Oncotarget

Research Papers:

Metformin treatment reduces temozolomide resistance of glioblastoma cells

Seung Ho Yang, Shenglan Li, Guangrong Lu, Haipeng Xue, Dong H. Kim, Jay-Jiguang Zhu and Ying Liu _



Seung Ho Yang1,2,3,*, Shenglan Li1,3,*, Guangrong Lu1, Haipeng Xue1,3, Dong H. Kim1,3, Jay-Jiguang Zhu1,**, Ying Liu1,3,**

1Department of Neurosurgery, McGovern Medical School, University of Texas Health Science Center at Houston, Houston, Texas, USA

2Department of Neurosurgery, St. Vincent’s Hospital, College of Medicine, The Catholic University of Korea, Suwon, South Korea

3Center for Stem Cell and Regenerative Medicine, The Brown Foundation Institute of Molecular Medicine, University of Texas Health Science Center at Houston, Houston, Texas, USA

*These authors contributed equally to this work

**These authors contributed equally to this work

Correspondence to:

Jay-Jiguang Zhu, email: jay.jiguang.zhu@uth.tmc.edu

Ying Liu, email: ying.liu@uth.tmc.edu

Keywords: glioblastoma, metformin, temozolomide resistance, SOX2, global gene expression

Received: September 07, 2016     Accepted: October 14, 2016     Published: October 24, 2016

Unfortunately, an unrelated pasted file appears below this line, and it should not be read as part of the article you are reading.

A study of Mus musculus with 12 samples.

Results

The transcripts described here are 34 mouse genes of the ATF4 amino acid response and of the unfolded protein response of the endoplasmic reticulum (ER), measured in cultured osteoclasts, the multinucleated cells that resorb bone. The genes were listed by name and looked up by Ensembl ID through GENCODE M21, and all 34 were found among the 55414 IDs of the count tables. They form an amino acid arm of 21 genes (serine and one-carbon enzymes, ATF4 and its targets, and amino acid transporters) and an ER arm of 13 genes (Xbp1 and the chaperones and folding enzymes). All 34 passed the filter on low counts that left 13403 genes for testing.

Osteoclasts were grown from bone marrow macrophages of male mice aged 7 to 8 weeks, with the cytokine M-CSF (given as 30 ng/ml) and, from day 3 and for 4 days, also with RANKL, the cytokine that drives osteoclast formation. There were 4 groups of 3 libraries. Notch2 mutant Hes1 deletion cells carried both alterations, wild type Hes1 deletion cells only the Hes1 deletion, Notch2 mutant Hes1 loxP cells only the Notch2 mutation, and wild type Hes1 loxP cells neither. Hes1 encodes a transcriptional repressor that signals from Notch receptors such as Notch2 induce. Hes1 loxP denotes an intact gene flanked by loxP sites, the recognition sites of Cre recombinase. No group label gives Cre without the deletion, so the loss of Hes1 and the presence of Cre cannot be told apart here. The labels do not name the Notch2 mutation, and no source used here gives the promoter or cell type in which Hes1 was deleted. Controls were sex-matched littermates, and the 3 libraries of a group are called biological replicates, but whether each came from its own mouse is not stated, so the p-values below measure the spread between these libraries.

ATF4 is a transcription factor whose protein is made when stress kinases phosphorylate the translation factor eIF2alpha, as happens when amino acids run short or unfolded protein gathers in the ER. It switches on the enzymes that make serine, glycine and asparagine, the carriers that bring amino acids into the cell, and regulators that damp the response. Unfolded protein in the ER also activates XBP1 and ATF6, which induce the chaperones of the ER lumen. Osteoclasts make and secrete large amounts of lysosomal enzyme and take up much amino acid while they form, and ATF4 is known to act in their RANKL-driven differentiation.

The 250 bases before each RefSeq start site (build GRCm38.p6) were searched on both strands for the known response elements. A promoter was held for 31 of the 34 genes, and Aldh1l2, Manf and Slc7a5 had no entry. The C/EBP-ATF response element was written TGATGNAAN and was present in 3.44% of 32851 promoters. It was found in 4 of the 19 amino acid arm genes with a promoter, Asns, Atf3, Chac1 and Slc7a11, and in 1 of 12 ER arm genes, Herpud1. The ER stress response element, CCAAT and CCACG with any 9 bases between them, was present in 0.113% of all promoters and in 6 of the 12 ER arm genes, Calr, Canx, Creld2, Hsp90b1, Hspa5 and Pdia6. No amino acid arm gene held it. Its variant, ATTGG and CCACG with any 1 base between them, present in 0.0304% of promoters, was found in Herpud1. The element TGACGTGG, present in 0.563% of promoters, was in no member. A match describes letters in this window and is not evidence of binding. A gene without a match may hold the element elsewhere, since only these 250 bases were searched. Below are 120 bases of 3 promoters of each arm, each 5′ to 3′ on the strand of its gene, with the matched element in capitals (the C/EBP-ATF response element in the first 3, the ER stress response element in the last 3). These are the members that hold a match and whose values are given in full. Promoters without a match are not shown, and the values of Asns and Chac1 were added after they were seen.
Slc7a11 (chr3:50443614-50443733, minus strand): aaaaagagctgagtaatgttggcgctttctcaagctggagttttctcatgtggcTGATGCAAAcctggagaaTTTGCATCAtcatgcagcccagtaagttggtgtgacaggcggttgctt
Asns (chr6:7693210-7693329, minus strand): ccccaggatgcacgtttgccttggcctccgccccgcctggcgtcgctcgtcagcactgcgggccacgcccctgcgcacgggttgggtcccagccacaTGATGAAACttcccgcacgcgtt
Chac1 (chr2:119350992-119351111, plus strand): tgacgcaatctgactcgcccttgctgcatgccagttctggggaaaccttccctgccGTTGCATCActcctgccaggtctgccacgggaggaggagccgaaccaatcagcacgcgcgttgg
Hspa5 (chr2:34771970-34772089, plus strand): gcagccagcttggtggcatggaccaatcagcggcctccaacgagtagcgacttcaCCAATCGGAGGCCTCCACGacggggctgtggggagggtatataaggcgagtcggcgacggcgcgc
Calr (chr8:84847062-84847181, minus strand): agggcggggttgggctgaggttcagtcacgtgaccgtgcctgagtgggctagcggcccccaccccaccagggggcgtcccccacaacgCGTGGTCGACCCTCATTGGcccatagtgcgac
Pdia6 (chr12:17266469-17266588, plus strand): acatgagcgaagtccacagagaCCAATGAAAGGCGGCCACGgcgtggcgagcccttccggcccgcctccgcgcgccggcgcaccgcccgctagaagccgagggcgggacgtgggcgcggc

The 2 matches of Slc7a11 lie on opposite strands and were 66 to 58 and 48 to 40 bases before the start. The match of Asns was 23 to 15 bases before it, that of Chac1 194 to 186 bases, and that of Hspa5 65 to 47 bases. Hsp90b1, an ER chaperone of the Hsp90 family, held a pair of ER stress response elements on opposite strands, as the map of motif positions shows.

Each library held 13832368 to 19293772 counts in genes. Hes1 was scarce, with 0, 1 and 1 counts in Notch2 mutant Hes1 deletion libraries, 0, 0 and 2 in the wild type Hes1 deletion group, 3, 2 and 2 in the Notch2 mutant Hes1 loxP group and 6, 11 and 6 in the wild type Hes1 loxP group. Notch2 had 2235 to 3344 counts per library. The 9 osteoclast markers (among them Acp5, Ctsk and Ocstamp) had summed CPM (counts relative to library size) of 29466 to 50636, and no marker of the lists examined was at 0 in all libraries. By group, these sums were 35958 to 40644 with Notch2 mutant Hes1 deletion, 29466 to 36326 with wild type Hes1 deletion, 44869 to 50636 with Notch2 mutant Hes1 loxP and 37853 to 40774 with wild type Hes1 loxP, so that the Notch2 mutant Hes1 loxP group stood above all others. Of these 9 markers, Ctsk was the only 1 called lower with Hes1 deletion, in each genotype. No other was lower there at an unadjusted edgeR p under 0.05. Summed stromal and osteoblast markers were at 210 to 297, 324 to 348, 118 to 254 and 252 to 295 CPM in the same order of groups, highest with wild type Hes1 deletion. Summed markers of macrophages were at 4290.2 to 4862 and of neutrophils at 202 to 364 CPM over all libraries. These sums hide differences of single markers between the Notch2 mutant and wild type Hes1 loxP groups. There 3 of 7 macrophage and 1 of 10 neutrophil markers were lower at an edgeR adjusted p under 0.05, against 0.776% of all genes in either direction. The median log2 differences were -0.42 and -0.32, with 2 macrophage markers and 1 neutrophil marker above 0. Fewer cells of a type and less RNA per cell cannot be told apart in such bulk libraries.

ABSTRACT

It has been reported that metformin acts synergistically with temozolomide (TMZ) to inhibit proliferation of glioma cells including glioblastoma multiforme (GBM). However, the molecular mechanism underlying how metformin exerts its anti-cancer effects remains elusive. We used a combined experimental and bioinformatics approach to identify genes and complex regulatory/signal transduction networks that are involved in restoring TMZ sensitivity of GBM cells after metformin treatment. First, we established TMZ resistant GBM cell lines and found that the resistant cells regained TMZ sensitivity after metformin treatment. We further identified that metformin down-regulates SOX2 expression in TMZ-resistant glioma cells, reduces neurosphere formation capacity of glioblastoma cells, and inhibits GBM xenograft growth in vivo. Finally, the global gene expression profiling data reveals that multiple pathways are involved in metformin treatment related gene expression changes, including fatty acid metabolism and RNA binding and splicing pathways. Our work provided insight of the mechanisms on potential synergistic effects of TMZ and metformin in the treatment of glioblastoma, which will in turn yield potentially translational value for clinical applications.